Published Tuesday, October 7, 2003 in the San Jose Mercury News
Descriptions of weather help set mood in many literary pieces
Special to the Mercury News
No, Charlie Brown's beagle Snoopy did not invent the phrase, ``It was a dark and stormy night.''
This, arguably the most infamous opening line in literature, comes from Edward George Bulwer-Lytton (1830), author of ``The Last Days of Pompeii'' and the inspiration for Professor Scott Rice's annual bad fiction contest at San Jose State University.
But the use of weather in literature is pervasive, with elements of weather and climate used as both subject matter and to set the mood, in every genre. Novels, dramas and poetry through the ages are replete with references to storms, fog, wind and floods.
The next time you read a book or poem, take note of its weather. Most literary references to the weather are merely observational, with little thought to the real meteorology behind the phenomena. But there are notable exceptions. Percy Bysshe Shelley was particularly thoughtful about weather elements in ``The Cloud'' and ``Ode to the West Wind.'' And Shakespeare often used storms to set the mood.
In ``The Tragedy of Richard the Third,'' he wrote: ``When clouds are seen, wise men put on their cloaks; When great leaves fall, then winter is at hand; When the sun sets, who doth not look for night? Untimely storms makes men expect a dearth.'' And, of course, ``The Tempest'' has a storm as its centerpiece.
A favorite weather poem that seems particularly appropriate for the Bay Area is Carl Sandburg's very concise look at fog: ``The fog comes on little cat feet. It sits looking over harbor and city on silent haunches and then moves on.'' And on the whimsical side is Ogden Nash's ``A Watched Example Never Boils'' which begins: ``The weather is so very mild, That some would call it warm. Good gracious, aren't we lucky, child? Here comes a thunderstorm. The sky is now indelible ink, The branches reft asunder; But you and I we do not shrink; We love the lovely thunder.''
Q I read with great interest your San Jose Mercury News article describing in detail how lightning occurs, etc. I was wondering if you might write another article describing dangers, and what to do or not, when a lightning storm occurs, since it is rather infrequent in our area.
I was recently in that lightning storm the last part of August, when my grandkids and I were camping near the delta. We were already in the tent and sleeping when the first thunder and lightning occurred. I woke up and thought, boy, I could get some GREAT photos, but that meant I would have to open the tent and get my camera out of the car.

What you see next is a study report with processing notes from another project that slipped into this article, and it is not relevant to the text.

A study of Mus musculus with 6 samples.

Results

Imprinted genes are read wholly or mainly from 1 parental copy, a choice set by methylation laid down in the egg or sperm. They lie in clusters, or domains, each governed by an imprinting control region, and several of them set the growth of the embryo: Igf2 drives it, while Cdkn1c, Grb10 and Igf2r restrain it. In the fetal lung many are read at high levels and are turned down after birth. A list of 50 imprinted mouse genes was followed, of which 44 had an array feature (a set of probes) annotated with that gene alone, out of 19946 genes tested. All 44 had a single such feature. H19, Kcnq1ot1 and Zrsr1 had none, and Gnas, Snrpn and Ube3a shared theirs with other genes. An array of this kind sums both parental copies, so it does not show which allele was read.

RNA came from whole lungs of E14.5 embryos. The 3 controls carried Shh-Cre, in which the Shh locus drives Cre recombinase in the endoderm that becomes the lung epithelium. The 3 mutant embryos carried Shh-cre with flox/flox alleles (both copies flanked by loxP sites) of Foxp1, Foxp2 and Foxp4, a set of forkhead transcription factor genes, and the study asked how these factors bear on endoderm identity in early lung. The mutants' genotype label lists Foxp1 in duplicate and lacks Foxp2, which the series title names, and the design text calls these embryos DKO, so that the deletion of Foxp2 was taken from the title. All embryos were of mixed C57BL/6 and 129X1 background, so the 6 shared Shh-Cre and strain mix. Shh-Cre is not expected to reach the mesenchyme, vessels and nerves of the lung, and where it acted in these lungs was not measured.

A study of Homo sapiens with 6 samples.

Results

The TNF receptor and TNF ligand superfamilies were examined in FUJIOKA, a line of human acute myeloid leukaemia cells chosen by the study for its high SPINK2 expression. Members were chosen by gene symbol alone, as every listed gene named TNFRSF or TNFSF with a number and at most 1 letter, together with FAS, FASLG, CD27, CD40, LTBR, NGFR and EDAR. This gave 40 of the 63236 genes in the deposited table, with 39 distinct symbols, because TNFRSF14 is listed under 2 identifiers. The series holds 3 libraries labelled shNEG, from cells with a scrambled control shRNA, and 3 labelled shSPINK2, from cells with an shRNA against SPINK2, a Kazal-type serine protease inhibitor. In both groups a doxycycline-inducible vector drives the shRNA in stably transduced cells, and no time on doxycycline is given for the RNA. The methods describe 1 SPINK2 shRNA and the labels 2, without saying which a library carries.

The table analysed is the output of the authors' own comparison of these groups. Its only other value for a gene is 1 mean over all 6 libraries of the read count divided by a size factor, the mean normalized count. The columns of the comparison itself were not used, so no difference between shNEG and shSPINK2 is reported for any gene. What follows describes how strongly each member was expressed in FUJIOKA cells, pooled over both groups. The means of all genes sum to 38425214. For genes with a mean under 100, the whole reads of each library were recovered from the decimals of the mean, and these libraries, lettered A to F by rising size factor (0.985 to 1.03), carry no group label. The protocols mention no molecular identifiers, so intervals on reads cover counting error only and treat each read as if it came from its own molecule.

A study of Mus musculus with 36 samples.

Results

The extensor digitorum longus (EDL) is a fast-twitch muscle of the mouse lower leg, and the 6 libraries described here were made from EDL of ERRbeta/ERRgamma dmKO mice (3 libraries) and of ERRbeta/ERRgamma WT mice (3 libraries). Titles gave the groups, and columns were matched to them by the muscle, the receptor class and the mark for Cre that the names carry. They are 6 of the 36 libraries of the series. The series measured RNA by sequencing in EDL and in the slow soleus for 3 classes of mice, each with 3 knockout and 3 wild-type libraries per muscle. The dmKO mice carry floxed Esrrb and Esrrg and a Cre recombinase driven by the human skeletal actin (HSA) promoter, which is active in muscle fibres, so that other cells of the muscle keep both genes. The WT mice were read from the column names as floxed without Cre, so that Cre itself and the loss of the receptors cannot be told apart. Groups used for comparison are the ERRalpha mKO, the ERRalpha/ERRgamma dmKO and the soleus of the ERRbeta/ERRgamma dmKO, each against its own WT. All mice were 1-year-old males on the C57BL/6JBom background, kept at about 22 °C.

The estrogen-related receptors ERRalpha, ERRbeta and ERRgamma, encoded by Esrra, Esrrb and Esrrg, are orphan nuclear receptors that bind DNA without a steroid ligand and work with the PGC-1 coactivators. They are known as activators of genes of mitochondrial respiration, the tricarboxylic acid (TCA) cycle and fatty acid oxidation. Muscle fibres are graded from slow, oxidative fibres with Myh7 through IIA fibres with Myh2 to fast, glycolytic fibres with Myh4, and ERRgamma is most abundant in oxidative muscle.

I was afraid to go out, or even to look at the lightning. I have become quite nervous about getting struck and was nervous being in the tent, as I have heard lightning can strike the tree and travel through it and hit you if you are under it.
A few weeks later we had another good storm, and even though I was in the ``safety'' of my own home, I was still afraid to go to the window and look out. Can you help clear up any misconceptions I have about lightning? Janie Hopkins - Campbell
A A good place to start is with the 30-30 rule. When you see lightning, count the time until you hear thunder. If that time is 30 seconds or less, the thunderstorm is within six miles of you and is dangerous. Seek shelter immediately. The threat of lightning continues for a much longer period than most people realize. Wait at least 30 minutes after the last clap of thunder before leaving shelter. Don't be fooled by sunshine or blue sky.
Remember that the first stroke of lightning is just as deadly as the last. Here are some of the most important lightning safety tips:
• Postpone activities promptly. Don't wait for rain to clear swimming pools and ball fields. Many people take shelter from the rain, but most people struck by lightning are not in the rain. Go quickly inside a completely enclosed building if possible.
• Be the lowest point. Lightning hits the tallest object. In the mountains if you are above tree line, you ARE the highest object around. Quickly get below tree line and get into a grove of small trees. Crouch down if you are in an exposed area.
• Avoid leaning against vehicles. Get off bicycles and motorcycles.
• Get out of the water. It's a great conductor of electricity. Stay off the beach and out of small boats or canoes. If caught in a boat, crouch down in the center of the boat, away from metal hardware. Swimming, wading, snorkeling and scuba diving are NOT safe. Lightning can strike the water and travel some distance beneath and away from its point of contact. Don't stand in puddles of water.
• Avoid metal! Drop metal backpacks, and stay away from clotheslines, fences, exposed sheds and electrically conductive elevated objects. Don't hold onto metal items such as golf clubs, fishing rods, tennis rackets or tools. Large metal objects can conduct lightning. Small metal objects can cause burns.
• Move away from a group of people. Stay several yards away from other people. Don't share a bleacher bench or huddle in a group.
Jan Null, founder of Golden Gate Weather Services, is a retired lead forecaster with the National Weather Service. Send questions to him c/o WeatherCorner, San Jose Mercury News, 750 Ridder Park Drive, San Jose, Calif. 95190. You also can telephone questions at (510) 657-2246, fax them to (510) 315-3015 or e-mail email@example.com, or fill out a form online at http://ggweather.com/questions.htm. Please indicate in your e-mail what city you live in.